The NOP’s latest Organic Integrity Quarterly Insider includes interesting articles about rulemaking issues and activities of the National Organic Program. This edition includes information about certified and noncertified entities using the USDA seal, and the how to maintain the integrity of the seal.

Practices, Not Paperwork Initiative

In the last six months CCOF has been in an ongoing dialogue with the National Organic Program (NOP) and USDA about issues we see in the certification and accreditation process that are overly reliant on paperwork and unnecessarily drive up costs. We are concerned that small operators may be leaving the NOP due to both the difficult paperwork and costs of organic certification.

Animals Need Access to Soil, Not Concrete

CCOF believes that organic livestock standards should require humane and ethical treatment of animals during all stages of production, including transport and slaughter. CCOF, consistent with our mission and principles, has long advocated for NOP standards that ensure outdoor and soil access.

In December 2011, the NOSB unanimously passed a recommendation on Animal Welfare and Stocking Rates that capped off several years of work on these subjects. The NOSB recommendations were consistent with CCOF and other organizations’ recommendations.

Apply for the National Organic Standards Board – Deadline June 15

Apply today to fill one of five openings on the National Organics Standards Board (NOSB). Applications are due June 15, 2015.

About the NOSB

CCOF and OTA Need Your Feedback!

Please complete the following surveys prepared by the Organic Trade Association (OTA).

The surveys compile information on crop and processing materials pending review before the National Organic Standards Board (NOSB). Your feedback on these materials is critical because it will help shape CCOF comments and testimony to the NOSB.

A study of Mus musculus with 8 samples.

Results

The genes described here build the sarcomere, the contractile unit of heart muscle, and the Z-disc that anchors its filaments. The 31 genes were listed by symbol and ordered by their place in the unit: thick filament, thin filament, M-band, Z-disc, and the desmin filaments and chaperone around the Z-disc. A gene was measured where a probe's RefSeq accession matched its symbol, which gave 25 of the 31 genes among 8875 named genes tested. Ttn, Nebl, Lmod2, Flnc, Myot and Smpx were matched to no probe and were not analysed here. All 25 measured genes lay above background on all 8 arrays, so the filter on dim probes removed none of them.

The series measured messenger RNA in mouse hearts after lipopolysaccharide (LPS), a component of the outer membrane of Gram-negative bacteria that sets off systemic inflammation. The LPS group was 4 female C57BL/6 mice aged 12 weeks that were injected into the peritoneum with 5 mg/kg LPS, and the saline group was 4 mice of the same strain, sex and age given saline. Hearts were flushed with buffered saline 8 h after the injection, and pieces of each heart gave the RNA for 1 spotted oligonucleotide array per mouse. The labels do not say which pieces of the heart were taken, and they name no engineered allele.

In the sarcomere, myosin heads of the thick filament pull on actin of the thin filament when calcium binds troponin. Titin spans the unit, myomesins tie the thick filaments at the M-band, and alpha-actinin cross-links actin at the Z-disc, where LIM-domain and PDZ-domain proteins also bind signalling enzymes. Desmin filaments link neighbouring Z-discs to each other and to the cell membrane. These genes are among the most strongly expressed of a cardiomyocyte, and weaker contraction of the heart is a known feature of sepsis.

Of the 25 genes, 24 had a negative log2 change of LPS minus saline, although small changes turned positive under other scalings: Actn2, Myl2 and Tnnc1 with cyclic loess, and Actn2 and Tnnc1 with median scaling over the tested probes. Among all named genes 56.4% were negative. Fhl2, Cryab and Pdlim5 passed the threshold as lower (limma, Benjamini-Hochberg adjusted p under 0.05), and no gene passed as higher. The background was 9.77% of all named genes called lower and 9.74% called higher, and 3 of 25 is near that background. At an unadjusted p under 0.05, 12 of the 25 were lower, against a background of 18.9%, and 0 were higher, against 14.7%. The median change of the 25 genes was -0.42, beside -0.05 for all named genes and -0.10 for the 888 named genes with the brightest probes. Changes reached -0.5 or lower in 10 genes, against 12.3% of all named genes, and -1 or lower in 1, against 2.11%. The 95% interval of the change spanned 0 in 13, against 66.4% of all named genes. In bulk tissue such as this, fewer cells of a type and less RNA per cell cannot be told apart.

Background

CCOF Attends 2014 NOSB Meeting

Last week, several CCOF staff and members attended the National Organic Standards Board (NOSB) meeting in Louisville, Kentucky to share their expertise and weigh in on the future of organic standards.

The NOSB meets biannually to review organic standards and to determine what recommendations it will make to the National Organic Program (NOP) for future rulemaking. Members of the public are encouraged to attend these meetings because they have the opportunity speak and share their opinions on farming and processing inputs and practices.

CCOF Comments on Organic Standards

The National Organic Standards Board (NOSB) will meet October 28-30 in Louisville, Kentucky to review organic standards and to determine what recommendations it will make to the National Organic Program (NOP) for future rulemaking.

CCOF Focused on Moving Organic Forward

In recent weeks we at CCOF have observed a variety of activities and discussions about organic certification and organic standards.

Don’t Miss Your Chance To Shape The Future of Organic

The April 7, 2015 deadline to submit comments to the National Organic Standards Board (NOSB) is fast approaching! At the end of April, the NOSB will meet in La Jolla, California to review organic materials and standards. During this meeting they will review a substantial amount of materials, including copper and sulfur products for use in crop production, and gums and pectin for processing. Your operation may be affected!

There are two simple things you can do to help protect the integrity of organic standards:

1) Complete OTA’s Online Surveys

Elaboration on CCOF's Comments on the Proposal to Extend the Expiration Date for Oxytetracycline

CCOF is committed to ending the use of antibiotics in organic fruit production. We believe that a longer time period is necessary for oxytetracycline than the current 2014 expiration date because of the continuing research in varying locations and seasons that would ensure success, the need for registration of new materials, and enough time for grower education and outreach. We would like to see an extension in the range of 2017 to 2020 for phase out; however, we support the majority position to extend the expiration date for the use of oxytetracycline to October 21, 2016.